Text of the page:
The Yard's season's offerings

The Yard serves up everything from hip-hop to ballet to traditional Indian dance this season.

From left, Ashwini Ramaswamy, Aparna Ramaswamy, and Ranee Ramaswamy will be performing at The Yard on August 17 and 19. —Darial Sneed

The Yard, the Island’s dance residency and performance facility, recently announced the lineup for its summer season. As always, it’s an impressive roster of contemporary dance groups and individuals who represent some of the most innovative and acclaimed choreographers in the dance world.

Although there is no real theme for this year’s program, David R. White, artistic director of the Yard, points out a common thread.

“This year we’re looking at the formalists,” he says. “People who are taking a hard look from the viewpoint of the inherited ideas and techniques, and scraping away all the detritus and assumptions and getting down to the building blocks of why they do what they do, landing them in different places relative to the field. This isn’t an aesthetic. It cuts across all kinds of genres in dance.”

Those genres will include hip-hop, ballet, African dance, traditional Indian dance, Cuban contemporary dance, and more. Some of the featured artists have previously been in residence at the Yard; other up-and-coming choreographers and dancers have in the past enjoyed stays as Schonberg Fellows, and are now returning to present work created there.

In the former category are four returnees who have enjoyed multiple residencies. Taylor 2, founded by modern dance pioneer Paul Taylor, who has been recognized for his work with an Emmy, the National Medal of Honor, a MacArthur “genius award,” and the French Legion of Honor, will be back in July.

Camille A. Brown and Dancers will return to the Yard for a third residency. The group is described on the Yard’s website as “embodying a strong sense of storytelling, the company uses theatricality and the aesthetics of modern, hip-hop, African, ballet, and tap to tell stories that connect history with contemporary culture.” Ms. Brown and company will be presenting a piece called “Black Girl: Linguistic Play,” which was created in part at the Yard. “Black Girl” is the second work in a trilogy. While in residence at the Yard, the group will be working on the third piece, “Ink,” which will have its world premiere at the Kennedy Center in Washington, D.C., in December.

The Cuban-based Malpaso Dance Company will be returning to the Yard for a third residency. This time around, they will be performing a new work called “Dreaming of Lions,” which takes inspiration from Hemingway’s novella “The Old Man and the Sea,” and will feature an original score composed and conducted by renowned jazz artist Arturo O’Farrill and performed by the Afro Latin Jazz Orchestra.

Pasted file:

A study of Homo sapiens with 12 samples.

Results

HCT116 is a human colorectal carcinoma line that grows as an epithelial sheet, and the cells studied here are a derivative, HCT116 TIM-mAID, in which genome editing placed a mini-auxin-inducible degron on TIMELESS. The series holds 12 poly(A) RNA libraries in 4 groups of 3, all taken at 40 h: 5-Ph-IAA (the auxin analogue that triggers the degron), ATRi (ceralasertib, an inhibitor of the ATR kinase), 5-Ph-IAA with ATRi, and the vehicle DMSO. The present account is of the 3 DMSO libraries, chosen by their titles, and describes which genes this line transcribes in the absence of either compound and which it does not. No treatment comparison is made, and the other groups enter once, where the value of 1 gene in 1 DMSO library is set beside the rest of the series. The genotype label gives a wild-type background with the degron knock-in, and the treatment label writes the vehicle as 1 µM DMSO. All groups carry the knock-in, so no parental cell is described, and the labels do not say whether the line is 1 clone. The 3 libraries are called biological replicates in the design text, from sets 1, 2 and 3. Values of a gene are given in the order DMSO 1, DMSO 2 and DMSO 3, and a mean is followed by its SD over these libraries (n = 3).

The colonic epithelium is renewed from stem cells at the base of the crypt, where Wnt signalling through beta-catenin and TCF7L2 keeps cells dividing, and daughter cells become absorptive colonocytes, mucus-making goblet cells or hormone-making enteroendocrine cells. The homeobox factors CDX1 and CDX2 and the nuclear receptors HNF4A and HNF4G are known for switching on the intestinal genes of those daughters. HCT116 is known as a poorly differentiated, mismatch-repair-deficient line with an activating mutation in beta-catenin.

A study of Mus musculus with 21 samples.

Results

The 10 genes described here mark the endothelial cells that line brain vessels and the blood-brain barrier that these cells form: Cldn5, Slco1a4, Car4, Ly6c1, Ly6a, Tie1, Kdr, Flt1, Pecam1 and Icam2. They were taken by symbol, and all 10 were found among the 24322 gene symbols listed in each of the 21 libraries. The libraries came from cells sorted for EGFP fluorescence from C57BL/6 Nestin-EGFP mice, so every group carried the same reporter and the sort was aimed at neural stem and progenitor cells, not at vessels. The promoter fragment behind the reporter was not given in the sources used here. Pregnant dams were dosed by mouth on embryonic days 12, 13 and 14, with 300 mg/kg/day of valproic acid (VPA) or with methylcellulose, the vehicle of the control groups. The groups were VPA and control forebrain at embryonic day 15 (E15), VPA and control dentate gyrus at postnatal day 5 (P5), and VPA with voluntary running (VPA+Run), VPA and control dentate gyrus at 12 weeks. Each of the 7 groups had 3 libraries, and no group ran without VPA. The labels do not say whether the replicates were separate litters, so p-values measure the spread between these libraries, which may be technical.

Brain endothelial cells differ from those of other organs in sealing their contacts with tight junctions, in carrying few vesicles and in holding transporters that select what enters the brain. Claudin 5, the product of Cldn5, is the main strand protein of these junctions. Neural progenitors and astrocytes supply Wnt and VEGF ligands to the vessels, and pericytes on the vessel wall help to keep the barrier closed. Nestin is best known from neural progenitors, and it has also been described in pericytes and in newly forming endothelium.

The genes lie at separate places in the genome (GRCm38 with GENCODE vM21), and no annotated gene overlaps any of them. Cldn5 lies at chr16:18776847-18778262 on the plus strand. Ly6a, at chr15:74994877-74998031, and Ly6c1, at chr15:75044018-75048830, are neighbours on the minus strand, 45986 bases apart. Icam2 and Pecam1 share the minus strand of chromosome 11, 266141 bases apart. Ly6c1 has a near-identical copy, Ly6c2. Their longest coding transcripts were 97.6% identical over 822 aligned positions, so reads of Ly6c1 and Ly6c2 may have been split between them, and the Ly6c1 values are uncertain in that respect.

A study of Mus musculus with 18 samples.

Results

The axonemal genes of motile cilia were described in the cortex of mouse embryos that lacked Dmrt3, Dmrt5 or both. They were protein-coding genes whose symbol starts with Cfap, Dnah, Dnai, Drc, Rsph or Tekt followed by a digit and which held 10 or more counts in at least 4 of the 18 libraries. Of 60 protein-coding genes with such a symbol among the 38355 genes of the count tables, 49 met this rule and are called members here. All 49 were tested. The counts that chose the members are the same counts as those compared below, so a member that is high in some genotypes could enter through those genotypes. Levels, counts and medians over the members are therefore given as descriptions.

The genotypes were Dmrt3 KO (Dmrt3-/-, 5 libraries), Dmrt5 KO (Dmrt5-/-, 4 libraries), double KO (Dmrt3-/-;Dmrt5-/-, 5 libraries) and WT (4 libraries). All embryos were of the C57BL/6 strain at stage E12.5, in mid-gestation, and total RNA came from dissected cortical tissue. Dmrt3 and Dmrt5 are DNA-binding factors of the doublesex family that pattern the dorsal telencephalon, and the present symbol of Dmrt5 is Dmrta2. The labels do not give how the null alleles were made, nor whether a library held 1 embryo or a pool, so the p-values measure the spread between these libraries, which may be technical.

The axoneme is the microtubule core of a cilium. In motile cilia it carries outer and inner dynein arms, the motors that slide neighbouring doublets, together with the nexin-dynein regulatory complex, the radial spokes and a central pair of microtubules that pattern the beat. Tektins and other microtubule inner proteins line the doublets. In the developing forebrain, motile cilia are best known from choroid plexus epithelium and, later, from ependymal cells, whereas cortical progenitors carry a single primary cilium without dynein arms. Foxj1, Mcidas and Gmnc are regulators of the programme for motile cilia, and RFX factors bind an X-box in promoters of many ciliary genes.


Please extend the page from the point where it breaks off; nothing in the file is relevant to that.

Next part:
Ragamala Dance Company, in its second residency at the Yard, will be performing a work called “Nocturne.” According to the Ragamala Dance website, co-directing mother/daughter team Ranee and Aparna Ramaswamy “have created their own specific subgenre that combines a contemporary Western aesthetic with an Indian ethos.” The New York Times has described their work as “soulful, imaginative, and rhythmically contagious.”

Two very different hip-hop-influenced artists will be in residency in August. One of the early street dance/breakdance innovators, Raphael Xavier will be working on and presenting a new piece called “Point of Interest.” As Mr. White describes Mr. Xavier’s work, “He is exploring as a veteran artist how he himself confronts an art form that he has been integral to.”

Following this performance, a young hip-hop artist, Sokeo Ros, will present “Freedom Project,” a work which explores mass incarceration and its effects on all aspects of society. Born in a Cambodian refugee camp in Thailand, Mr. Ros has established himself as a choreographer and dancer through his work with the Providence-based company Everett, which has been in residency at the Yard in the past.

A highlight of the Yard’s season will be a performance by choreographer and dancer Ruth Childs. The niece of famed choreographer Lucinda Childs, the young British-American dancer will be performing three of her aunt’s solo works from the 1960s. Ruth Childs has her own company, Scarlett’s, which is devoted to developing her work using dance, performance, film, and music. Since 2015 she has also been working on a re-creation and revival project of the early works of her aunt.

The other artists who will make up the 2017 season represent a wide variety of contemporary dance genres. Mr. White refers to Adele Myers as a theatrical choreographer, and says, “I think of her as holding down that particular corner in dance.” Of three-time Bessie awardwinner Beth Gill, Mr. White says, “She’s really important in what’s happening in downtown dance.” Bonnie Duncan, who will be presenting a family-friendly matinee in July, combines puppetry, dance, and physical theater in her unique creations. Pam Tanowitz, who is known for her postmodern treatment of classical dance vocabulary, will be showcasing a new piece called “New Work for Goldberg Variations,” featuring Bach’s iconic score. Jon Kinzel is a choreographer, multimedia artist, and improviser.

Of the diversity of works to be presented by the Yard this season, Mr. White says, “We deal in curiosity. We ask people to sit down at the table with us to share their curiosity. Every year we introduce another dose of the unknown, as well as the familiar, to a Vineyard audience who have proven that they have the appetite for this. Audiences here are inquisitive.”

The 2017 season will also include the return of the “Pride Not Prejudice” event, honoring the LGBTQ community, a second visit from the H.O.W. Art and Literary Journal group, and at least four live-music public Dancehall events.